VainuLabs Solves 'Apple-to-Apples' Problem with AI and Machine Learning
- By John K. Waters
When the founders of VainuLabs set out four years ago to build a data-driven B2B sales prospecting platform with real scope, they knew they would need to collect a vast amount of accurate data on companies worldwide into a comprehensive database, from which they could create a structured training set for their machine learning technologies.
Along the way they ran into what you might call an Apple-to-apples problem.
"We are reading 1.5 million news stories per day," VainuLab's CTO and co-founder Tuomas Rasila told PureAI. "And we want to understand whenever a company is being mentioned in the text, and then find that company in our database. But let's say there's a news story saying Apple just release a new iPhone. We also need to be able, from natural language, to understand that this is a company name."
Sorting "Apple" the company from "apple" the fruit is just the tip of the iceberg. Thousands of companies have names that are also plain English expressions (Red Hat, Oracle, Alphabet, Twitter, Amazon), as well as proper names (Dell, Suzuki). It happens in other languages, too, of course; Samsung is Korean for "three stars." And different companies can have the same name. (My domain name is "watersworks" and I get e-mail meant for pool cleaning services at least once a week.)
The process for making these distinctions is a well-known subset of natural language recognition called Named-Entity Recognition (NER). The benchmark standard for NER has been the Stanford NER, a Java implementation of the Named Entity Recognizer, and Google Cloud Natural Language has been the leading provider of a natural language recognition API that includes entity recognition capabilities. Until recently, VainuLabs relied on the Google NER.
"Our goal is to read and understand the whole textual content of the Internet, and every time a company is mentioned, find that story, and then extract information from that unorganized text," Rasila said. "We just got to the point where [Google NER] wasn't sufficient to our needs."
It didn't help that the Google NER didn't provide solutions in Finnish, Swedish, or Norwegian; VainuLabs is a Finnish company. To be fair, Stanford NER neglected our Nordic neighbors, too. And English is the dominant Internet lingua and the most researched language in named-entity recognition circles.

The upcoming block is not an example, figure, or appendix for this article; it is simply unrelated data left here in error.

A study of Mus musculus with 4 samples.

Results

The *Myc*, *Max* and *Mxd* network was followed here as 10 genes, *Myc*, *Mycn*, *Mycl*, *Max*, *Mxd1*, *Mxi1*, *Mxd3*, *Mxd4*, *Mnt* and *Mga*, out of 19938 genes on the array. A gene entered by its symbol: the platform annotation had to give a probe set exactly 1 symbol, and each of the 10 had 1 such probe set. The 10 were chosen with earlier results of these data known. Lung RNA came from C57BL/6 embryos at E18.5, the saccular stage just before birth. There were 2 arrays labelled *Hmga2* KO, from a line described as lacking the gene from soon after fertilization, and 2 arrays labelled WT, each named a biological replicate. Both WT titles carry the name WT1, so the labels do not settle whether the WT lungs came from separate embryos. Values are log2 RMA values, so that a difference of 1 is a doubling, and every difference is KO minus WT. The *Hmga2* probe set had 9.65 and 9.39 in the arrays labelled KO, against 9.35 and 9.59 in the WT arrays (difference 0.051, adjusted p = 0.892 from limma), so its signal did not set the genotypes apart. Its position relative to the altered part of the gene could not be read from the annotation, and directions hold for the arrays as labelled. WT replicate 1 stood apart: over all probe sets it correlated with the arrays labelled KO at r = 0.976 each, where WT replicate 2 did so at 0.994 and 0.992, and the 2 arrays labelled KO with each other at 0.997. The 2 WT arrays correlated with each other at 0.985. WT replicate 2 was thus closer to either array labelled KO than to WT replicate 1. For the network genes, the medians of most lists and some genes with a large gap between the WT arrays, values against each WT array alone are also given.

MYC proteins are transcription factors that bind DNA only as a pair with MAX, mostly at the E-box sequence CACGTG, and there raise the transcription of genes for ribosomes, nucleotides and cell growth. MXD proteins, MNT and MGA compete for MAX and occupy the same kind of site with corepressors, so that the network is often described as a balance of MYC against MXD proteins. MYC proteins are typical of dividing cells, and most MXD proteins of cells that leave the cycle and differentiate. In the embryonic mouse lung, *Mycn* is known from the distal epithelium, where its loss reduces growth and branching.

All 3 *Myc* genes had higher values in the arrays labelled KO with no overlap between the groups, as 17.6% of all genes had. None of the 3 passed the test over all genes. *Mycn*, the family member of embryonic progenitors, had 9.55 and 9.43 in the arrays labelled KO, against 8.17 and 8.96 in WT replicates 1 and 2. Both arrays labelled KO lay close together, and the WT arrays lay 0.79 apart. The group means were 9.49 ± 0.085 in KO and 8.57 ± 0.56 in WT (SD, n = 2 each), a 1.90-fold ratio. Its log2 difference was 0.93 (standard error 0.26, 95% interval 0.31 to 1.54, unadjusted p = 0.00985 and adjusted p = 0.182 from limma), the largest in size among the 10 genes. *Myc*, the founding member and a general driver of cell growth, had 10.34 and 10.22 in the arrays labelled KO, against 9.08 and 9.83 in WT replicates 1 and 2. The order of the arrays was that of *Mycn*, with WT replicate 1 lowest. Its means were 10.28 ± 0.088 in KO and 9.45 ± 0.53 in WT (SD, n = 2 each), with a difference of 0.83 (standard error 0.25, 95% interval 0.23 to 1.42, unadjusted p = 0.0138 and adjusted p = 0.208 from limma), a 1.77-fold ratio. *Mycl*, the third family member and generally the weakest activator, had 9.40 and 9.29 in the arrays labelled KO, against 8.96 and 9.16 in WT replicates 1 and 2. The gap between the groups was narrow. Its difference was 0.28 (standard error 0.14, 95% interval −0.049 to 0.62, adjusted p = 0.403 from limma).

Fortunately, Rasila's company already had data from about 120 million companies tucked safely into its ever-expanding database, so the raw training data was there. Rasila says acquiring that data is often the toughest part of the process.
"Whenever you look at any kind of machine learning program, I'd say 95 percent percent of the program is collecting the training set," Rasila said. "So, we had a really good head start."
Using NeruoNER, a named-entity recognition program based on neural networks to create a clustering and classification layer on top of that database, and "huge amounts" of the human workers from Amazon's Mechanical Turk crowdsourcing marketplace for cross validation, VainuLabs was able to convert that raw data into a massive, structured training set, Rasila explained. The company then employed deep learning techniques to create what he believes is the most accurate NER in the world today.
It's worth noting here that the company was founded by a team of machine learning scientists, data engineers, and strategists. The core team consists of PhDs in computer science with decades of experience focusing on machine learning. So really, an internally developed ML tool was kind of inevitable.
The technology is currently being used as a part of Vainu's company intelligence platform and offered as a part of its technology stack for corporate customers, but, as often happens, the effort to solve internal problems has led to the development of a tool with wider applications. And the company is considering making its internal solution available to wider audiences in upcoming releases.
"Beyond the original use case of collecting vast amounts of publicly available information about companies of the world, this technology could potentially be used for a number of tasks like searching companies in unorganized textual databases through corporate databases and e-mails," said Riko Nyberg, VainuLabs's Head of AI, in a statement.
"We've been considering opening an API or selling it separately," Rasila said. "It's something that I really hope happens."
So, how does the VainuLabs' homegrown NER solution perform. According to the company, it kicks butt in the Nordic languages, with an 85.89 percent accuracy (F1) score. But it truly rocks in English. In fact, it edged Stanford NER in a test of overall accuracy using the English test set provided by the University: 94.20 percent to 92.99 percent.
John has been covering the high-tech beat from Silicon Valley and the San Francisco Bay Area for nearly two decades. He serves as Editor-at-Large for Application Development Trends (www.ADTMag.com) and contributes regularly to Redmond Magazine, The Technology Horizons in Education Journal, and Campus Technology. He is the author of more than a dozen books, including The Everything Guide to Social Media; The Everything Computer Book; Blobitecture: Waveform Architecture and Digital Design; John Chambers and the Cisco Way; and Diablo: The Official Strategy Guide.